GETTING BIGGER, GETTING SMARTER


by Donald V. Potter

In a hostile market, bigger
is better. Nearly always, size is an advantage because the larger company can spread its costs across a greater customer base, lowering unit costs.

During hostility, as we have seen, acquisition is a realistic path to achieving quickly significant share growth. The full value of the acquisition can be achieved, though, only if reductions in cost occur along with market share growth. Unit costs must get smaller as the company gets bigger.

Two Cases of Cost Cutting

The cost-reduction potential of acquisitions in a hostile market can be seen in the examples of Anchor Glass and Delta Airlines.

Anchor Glass Container Corporation built itself up over the years through a series of acquisitions. The company began in 1983 by acquiring the glass container division of the former Anchor Hocking Corporation. Midland Glass Company was added in 1984 and Diamond Bathurst, Inc. in 1987. By then Anchor had become the second largest competitor in the glass container industry. While making acquisitions and adding customers, Anchor also rigorously cut its overhead. The Midland acquisition resulted in a whopping 80 percent reduction in that company's overhead expenses. Between 1982 and 1988, Anchor reduced its sales, general, and administrative expenses as a percent of revenues from eleven percent to only three percent.

Delta AirLines, Inc.'s acquisition of Western Air Lines in 1986 greatly expanded Delta's geographic presence. Delta gained additional ties to the West Coast, including a hub in Salt Lake City and service to 44 additional cities, and its sales rose 20 percent. As part of the deal, Delta agreed to raise Western's salaries to its own higher levels. But this additional salary expense was more than offset by additional sales revenue plus the cost savings made possible when it consolidated the airlines' two hubs in Los Angeles. The overall result was that Delta became the number three domestic airline while its unit cost structure fell notably.

Making the Right Cuts

Cost cutting must be done in the right way and in the right places. The whole point of an acquisition, after all, is to gain share so that costs can be spread over a larger customer base – and that means retaining the loyal customers of the acquired company.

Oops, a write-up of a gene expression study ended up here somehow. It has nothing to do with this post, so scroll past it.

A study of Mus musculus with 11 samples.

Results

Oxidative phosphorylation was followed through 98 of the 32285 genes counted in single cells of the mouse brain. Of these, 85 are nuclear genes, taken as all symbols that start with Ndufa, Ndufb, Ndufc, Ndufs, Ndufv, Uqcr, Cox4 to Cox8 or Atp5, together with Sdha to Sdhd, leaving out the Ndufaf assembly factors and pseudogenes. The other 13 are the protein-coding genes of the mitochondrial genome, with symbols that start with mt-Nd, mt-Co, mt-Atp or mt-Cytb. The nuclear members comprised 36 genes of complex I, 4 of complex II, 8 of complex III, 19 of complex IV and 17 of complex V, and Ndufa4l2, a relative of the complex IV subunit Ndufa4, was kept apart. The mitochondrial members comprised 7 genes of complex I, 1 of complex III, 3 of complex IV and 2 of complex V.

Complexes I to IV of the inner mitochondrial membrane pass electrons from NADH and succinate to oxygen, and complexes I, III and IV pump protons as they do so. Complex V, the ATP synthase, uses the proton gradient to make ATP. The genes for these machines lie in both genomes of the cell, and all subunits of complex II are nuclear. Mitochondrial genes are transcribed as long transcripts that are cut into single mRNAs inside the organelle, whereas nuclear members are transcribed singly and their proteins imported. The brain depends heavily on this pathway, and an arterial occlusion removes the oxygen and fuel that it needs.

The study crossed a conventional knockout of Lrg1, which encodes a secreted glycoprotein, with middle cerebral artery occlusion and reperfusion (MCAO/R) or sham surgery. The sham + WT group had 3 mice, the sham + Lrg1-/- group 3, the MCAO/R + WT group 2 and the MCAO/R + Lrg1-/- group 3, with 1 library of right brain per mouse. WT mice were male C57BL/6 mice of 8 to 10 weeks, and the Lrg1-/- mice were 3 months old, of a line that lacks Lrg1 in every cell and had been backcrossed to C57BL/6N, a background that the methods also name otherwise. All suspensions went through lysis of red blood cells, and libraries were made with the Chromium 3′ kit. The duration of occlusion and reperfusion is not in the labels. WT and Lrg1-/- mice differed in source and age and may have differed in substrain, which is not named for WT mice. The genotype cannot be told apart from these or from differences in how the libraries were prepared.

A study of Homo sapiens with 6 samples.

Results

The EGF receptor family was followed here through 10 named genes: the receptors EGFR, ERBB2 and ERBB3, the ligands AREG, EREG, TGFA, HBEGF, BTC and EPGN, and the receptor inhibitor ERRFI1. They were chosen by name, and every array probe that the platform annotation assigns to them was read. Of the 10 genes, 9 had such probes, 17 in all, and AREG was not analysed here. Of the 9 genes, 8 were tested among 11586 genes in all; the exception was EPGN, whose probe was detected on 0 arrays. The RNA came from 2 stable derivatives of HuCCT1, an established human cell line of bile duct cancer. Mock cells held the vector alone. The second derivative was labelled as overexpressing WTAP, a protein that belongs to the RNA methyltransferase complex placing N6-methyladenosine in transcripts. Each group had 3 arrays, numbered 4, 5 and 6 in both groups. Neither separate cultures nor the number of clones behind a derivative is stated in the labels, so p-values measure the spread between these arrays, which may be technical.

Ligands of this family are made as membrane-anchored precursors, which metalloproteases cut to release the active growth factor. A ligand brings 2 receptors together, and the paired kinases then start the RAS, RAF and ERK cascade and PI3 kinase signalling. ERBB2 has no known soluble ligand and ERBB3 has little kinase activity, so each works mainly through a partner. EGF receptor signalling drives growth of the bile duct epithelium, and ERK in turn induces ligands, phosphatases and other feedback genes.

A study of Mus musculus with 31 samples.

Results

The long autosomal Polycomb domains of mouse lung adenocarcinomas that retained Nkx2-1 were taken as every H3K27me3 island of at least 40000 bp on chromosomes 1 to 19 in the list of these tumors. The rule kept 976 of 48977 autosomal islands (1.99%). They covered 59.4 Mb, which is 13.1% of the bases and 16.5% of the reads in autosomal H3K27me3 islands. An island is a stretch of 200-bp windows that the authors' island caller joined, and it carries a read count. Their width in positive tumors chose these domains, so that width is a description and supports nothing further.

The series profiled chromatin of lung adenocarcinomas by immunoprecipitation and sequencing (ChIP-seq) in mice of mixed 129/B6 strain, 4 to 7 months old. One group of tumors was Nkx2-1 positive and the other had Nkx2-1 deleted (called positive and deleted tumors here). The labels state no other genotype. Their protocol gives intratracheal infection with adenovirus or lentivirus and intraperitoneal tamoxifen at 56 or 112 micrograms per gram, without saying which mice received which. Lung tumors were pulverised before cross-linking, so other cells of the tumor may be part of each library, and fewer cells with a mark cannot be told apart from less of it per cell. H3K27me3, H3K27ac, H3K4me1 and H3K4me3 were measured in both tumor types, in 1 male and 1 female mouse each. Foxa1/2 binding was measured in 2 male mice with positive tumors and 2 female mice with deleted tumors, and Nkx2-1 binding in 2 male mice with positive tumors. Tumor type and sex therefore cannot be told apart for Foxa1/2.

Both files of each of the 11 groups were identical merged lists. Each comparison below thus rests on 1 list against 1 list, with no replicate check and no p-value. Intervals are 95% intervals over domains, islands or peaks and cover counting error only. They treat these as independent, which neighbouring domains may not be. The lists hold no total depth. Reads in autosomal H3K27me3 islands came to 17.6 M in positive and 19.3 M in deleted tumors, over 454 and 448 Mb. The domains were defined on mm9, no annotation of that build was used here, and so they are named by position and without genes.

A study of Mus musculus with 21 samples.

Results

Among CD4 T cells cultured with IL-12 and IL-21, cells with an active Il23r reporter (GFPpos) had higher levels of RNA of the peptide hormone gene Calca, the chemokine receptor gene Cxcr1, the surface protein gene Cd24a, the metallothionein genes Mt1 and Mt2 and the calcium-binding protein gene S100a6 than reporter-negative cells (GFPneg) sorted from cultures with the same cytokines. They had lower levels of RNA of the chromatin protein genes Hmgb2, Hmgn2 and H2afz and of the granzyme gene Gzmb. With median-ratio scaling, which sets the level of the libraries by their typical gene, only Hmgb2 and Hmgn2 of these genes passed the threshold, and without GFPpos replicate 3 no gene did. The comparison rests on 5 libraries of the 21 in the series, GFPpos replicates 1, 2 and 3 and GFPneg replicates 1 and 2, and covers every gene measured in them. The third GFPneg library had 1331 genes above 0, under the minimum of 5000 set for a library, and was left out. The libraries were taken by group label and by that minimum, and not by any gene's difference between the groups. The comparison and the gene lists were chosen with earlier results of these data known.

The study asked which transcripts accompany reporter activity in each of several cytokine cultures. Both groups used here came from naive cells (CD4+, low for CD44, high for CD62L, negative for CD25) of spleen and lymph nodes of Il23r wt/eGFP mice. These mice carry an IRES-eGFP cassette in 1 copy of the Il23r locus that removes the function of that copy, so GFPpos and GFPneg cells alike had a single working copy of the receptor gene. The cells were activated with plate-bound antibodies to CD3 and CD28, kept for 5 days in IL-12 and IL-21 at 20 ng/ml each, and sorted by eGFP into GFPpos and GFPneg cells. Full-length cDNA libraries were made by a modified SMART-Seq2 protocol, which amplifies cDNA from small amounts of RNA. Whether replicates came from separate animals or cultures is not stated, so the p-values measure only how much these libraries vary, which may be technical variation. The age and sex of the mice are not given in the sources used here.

After an acquisition (just as before an acquisition) the key to cutting costs without losing market share is to maintain a tight focus on customers. An acquiring company may need to learn more about the customers of its newly bought competitor. Maintaining customers' loyalty requires knowing what they value and what shapes their buying decisions, so that information can be used to:

  1. Protect the features and benefits that matter. Make no cuts that will upset or dissatisfy customers and tempt them to shop around. If customers value a brand name, for example, maintaining that brand may be worth more in customer loyalty than the costs saved through eliminating it. Some product features or services may also be more important than others in retaining customers.

  2. Cut all costs that the customers won't see. Overlapping staffs (such as at Anchor and Midland) and redundant operations (such as the Delta and Western hubs at LA) can be cut. Any other aspect of operations not closely tied to delivering the features and benefits customers value can also be cut.

Cutting Deeply Enough

Cost cutting must also be undertaken with sufficient ambition. When an acquisition fails to achieve its cost reduction potential, it is most often because management did not focus on unit cost reduction.

During the mid-1980's wave of consolidation in the food industry, Phillip Morris bought General Foods and Nestle bought Carnation. A few years later, the Nestle deal looked far better as Carnation's unit costs dropped with Nestle's strict bottom-line focus on cost control and growth. General Foods, without similar parent attention, lagged in profit growth.

Cost cutting needs ambitious targets. Selling, general, and administrative unit costs in many industries grow at only three quarters of the rate of unit sales volume growth. The overhead structure resulting from the combination of two companies should not be greater than that structure would have been if either company had grown, rather than merged, to its combined company size.

Closing Thought

An acquisition cannot be successful if it is not profitable. Profitability requires that the combined company see sales share growth and cost share shrinkage. Retention of customers and ambitious unit cost reduction targets are both essential to bigger sales and smaller costs – in other words, more profit.

(Note: This Perspective was written in the context of the economy in 1996. While some of the companies may have changed their policies or indeed no longer exist, the patterns they exhibit still hold today.)